Walter Marwizi, The Standard (Zimbabwe)
October 28, 2007

BEATRICE Mtetwa, the President of the Law Society of Zimbabwe, has sued the police and the Ministry of Home Affairs for the beatings she endured in May at the hands of gun-toting and truncheon-wielding officers.

Her lawyer, Harrison Nkomo of Mtetwa & Nyambirai, last week lodged an $80 billion lawsuit against Superintendent Tendere of Harare Central Police Station, the Commissioner of Police and the Minister of Home Affairs.

Tendere is being sued in his individual capacity. Court documents show that he was in charge of police when lawyers intended to register their concerns over the arrest of human rights lawyers Alec Muchadehama and Andrew Makoni in Harare at the High Court on 8 May.

Tendere is said to have ordered the lawyers to disperse before instructing police under his control to assault Mtetwa and the other lawyers.

Mtetwa, a human rights lawyer, was shoved into the back of a police truck together with three other lawyers, Chris Mhike, Colin Kahuni and Terence Fitzpatrick. The lawyers were dumped in a bushy area in Eastlea where Mtetwa and her colleagues were ordered to "lie prone on the ground whilst the said members of the ZRP violently assaulted her on the back, shoulders and buttocks.

"As a direct result of the assault, the Plaintiff sustained serious injuries on her shoulders, back and buttocks in respect of which she is claiming damages," reads the summons sent to the defendants.

Nkomo noted that as a result of the defendants' unlawful action, Mtetwa needed to be compensated:

"Eighty billion dollars being damages for unlawful arrest, pain and suffering, contumelia and medical expenses being delictual damages suffered by the Plaintiff after an unlawful assault perpetrated upon her human person by uniformed members of the Zimbabwe Republic Police at Harare on the 8th May 2007, and 2nd and 3rd defendants are vicariously liable for the delict committed."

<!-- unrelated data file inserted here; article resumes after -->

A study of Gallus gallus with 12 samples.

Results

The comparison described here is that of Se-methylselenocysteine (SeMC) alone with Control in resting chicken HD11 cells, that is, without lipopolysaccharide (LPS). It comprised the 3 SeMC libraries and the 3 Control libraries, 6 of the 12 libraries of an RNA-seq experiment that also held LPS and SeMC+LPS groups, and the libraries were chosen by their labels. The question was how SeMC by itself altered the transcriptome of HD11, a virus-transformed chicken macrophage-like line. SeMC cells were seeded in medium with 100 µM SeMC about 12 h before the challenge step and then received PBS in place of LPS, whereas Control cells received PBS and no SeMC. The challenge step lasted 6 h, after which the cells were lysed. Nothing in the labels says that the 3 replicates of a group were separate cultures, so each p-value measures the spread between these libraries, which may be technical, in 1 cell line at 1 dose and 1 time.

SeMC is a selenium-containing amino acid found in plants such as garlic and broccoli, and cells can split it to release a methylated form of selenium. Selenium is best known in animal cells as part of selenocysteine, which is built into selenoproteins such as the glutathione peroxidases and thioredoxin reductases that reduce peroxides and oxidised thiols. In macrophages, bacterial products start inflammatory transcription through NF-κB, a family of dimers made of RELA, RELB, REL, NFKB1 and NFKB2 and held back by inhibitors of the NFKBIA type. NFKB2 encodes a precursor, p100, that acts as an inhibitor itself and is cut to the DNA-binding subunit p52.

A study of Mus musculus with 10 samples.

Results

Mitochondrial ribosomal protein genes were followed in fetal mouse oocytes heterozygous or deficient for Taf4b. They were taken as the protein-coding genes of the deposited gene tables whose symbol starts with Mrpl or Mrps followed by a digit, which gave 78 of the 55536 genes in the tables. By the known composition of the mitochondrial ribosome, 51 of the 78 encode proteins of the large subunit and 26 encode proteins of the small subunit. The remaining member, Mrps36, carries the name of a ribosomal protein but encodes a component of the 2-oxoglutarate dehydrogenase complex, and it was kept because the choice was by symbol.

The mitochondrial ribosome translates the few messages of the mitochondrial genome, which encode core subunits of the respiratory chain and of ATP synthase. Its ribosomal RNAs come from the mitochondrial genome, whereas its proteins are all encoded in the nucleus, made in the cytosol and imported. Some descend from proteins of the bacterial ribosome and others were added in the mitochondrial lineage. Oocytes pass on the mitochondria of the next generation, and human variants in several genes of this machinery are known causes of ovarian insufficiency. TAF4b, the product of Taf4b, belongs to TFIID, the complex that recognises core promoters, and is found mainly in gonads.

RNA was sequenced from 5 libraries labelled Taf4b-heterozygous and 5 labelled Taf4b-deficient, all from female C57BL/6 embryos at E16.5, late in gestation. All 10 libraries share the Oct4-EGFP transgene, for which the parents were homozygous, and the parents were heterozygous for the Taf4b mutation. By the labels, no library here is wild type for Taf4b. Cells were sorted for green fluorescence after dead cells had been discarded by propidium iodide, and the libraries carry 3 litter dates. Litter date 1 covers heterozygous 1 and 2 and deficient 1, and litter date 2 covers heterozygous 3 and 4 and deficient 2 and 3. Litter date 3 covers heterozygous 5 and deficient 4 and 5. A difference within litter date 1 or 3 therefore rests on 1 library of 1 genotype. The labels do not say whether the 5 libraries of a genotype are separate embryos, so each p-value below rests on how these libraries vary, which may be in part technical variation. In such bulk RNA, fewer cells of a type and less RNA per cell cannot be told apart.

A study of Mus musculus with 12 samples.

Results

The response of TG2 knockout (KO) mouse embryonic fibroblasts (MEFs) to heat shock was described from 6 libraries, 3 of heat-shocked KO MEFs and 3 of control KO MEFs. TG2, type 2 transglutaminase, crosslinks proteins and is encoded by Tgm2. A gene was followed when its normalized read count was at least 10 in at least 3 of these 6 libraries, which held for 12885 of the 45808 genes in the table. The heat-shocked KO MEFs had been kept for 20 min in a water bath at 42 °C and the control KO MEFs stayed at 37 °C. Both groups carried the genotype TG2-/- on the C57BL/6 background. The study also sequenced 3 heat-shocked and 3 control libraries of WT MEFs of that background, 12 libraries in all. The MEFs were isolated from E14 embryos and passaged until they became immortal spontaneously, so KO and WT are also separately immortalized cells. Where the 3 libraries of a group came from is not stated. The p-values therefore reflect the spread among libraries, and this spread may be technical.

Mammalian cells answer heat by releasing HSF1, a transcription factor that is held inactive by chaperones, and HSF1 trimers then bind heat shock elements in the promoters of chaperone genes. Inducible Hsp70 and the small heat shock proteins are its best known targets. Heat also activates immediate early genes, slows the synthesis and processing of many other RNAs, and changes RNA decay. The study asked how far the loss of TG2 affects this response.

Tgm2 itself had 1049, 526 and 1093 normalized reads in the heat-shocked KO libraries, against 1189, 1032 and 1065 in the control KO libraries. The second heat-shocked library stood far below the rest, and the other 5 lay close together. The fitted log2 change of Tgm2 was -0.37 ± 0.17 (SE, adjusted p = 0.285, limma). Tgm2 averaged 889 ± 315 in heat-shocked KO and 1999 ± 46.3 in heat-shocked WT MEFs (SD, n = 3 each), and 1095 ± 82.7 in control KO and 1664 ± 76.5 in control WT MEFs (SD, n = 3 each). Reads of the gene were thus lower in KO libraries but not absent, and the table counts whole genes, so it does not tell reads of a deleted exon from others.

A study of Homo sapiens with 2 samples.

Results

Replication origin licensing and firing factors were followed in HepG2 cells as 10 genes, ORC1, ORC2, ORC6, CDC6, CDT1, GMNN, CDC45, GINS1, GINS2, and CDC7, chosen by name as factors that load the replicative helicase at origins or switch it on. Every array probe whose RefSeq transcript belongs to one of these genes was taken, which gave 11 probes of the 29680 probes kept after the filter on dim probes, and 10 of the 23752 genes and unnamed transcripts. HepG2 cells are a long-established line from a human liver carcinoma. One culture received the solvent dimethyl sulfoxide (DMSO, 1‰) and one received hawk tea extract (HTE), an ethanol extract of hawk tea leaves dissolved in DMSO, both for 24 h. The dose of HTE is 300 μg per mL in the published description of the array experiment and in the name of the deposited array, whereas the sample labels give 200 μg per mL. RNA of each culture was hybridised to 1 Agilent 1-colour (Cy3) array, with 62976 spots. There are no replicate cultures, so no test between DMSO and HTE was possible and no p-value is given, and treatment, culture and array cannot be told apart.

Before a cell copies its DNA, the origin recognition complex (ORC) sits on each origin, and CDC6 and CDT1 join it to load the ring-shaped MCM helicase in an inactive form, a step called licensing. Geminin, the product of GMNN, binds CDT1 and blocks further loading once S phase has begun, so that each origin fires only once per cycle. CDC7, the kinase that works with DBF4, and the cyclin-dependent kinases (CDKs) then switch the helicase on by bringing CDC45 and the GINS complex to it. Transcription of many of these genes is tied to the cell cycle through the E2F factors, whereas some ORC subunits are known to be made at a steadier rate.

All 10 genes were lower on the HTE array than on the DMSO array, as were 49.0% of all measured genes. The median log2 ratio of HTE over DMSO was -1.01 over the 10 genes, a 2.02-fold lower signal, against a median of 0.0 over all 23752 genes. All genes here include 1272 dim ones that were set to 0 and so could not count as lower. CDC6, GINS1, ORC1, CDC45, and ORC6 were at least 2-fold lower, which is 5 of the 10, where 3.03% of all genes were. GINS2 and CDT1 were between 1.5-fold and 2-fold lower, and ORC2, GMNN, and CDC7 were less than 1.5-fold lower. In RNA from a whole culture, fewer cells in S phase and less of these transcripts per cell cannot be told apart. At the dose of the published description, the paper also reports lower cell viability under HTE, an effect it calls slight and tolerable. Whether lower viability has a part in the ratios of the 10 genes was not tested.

It was not clear if the defendants had filed opposing papers by the time of going to press.

Meanwhile, the High Court on Friday overturned a ban and restrictions imposed by police on a birthday party for St Mary's legislator Job Sikhala.

Sikhala was forced to approach the High Court for relief on Thursday after a Chief Superintendent T A Chagwedera, the Officer Commanding Chitungwiza, issued a restrictive order for the celebrations to be held in the constituency.

In the order Chagwedera said the "celebrations should not be converted into a political meeting" and that they "should be held in one day and not two days as indicated".

Another condition was that Sikhala should "co-operate with government security agents, uniformed and non-uniformed and furnish them with whatever they may wish to know regarding the proceedings of the celebrations".

The police chief also notified Sikhala that he could not hold the celebrations at Chaminuka grounds today for the reasons that police were committed elsewhere and therefore could not provide officers who could monitor it.

Sikhala's intention was to hold a prayer meeting at Jabula church yesterday and then an open party today at Chaminuka grounds.

In his application Sikhala, who was represented by Nkomo, said it was his "constitutional right to assemble, associate and express myself, and so is the right of my guests". He also said police had no authority to ban birthday parties without any justification.

Sikhala said if the ban was not reversed he would also suffer financial losses. He provided the court with receipts of a band that he had paid $150 million to perform and the sound system that cost $40 million. He said he also bought food for the guests. He said other guests were on their way from Britain and it would not be fair to cancel the event.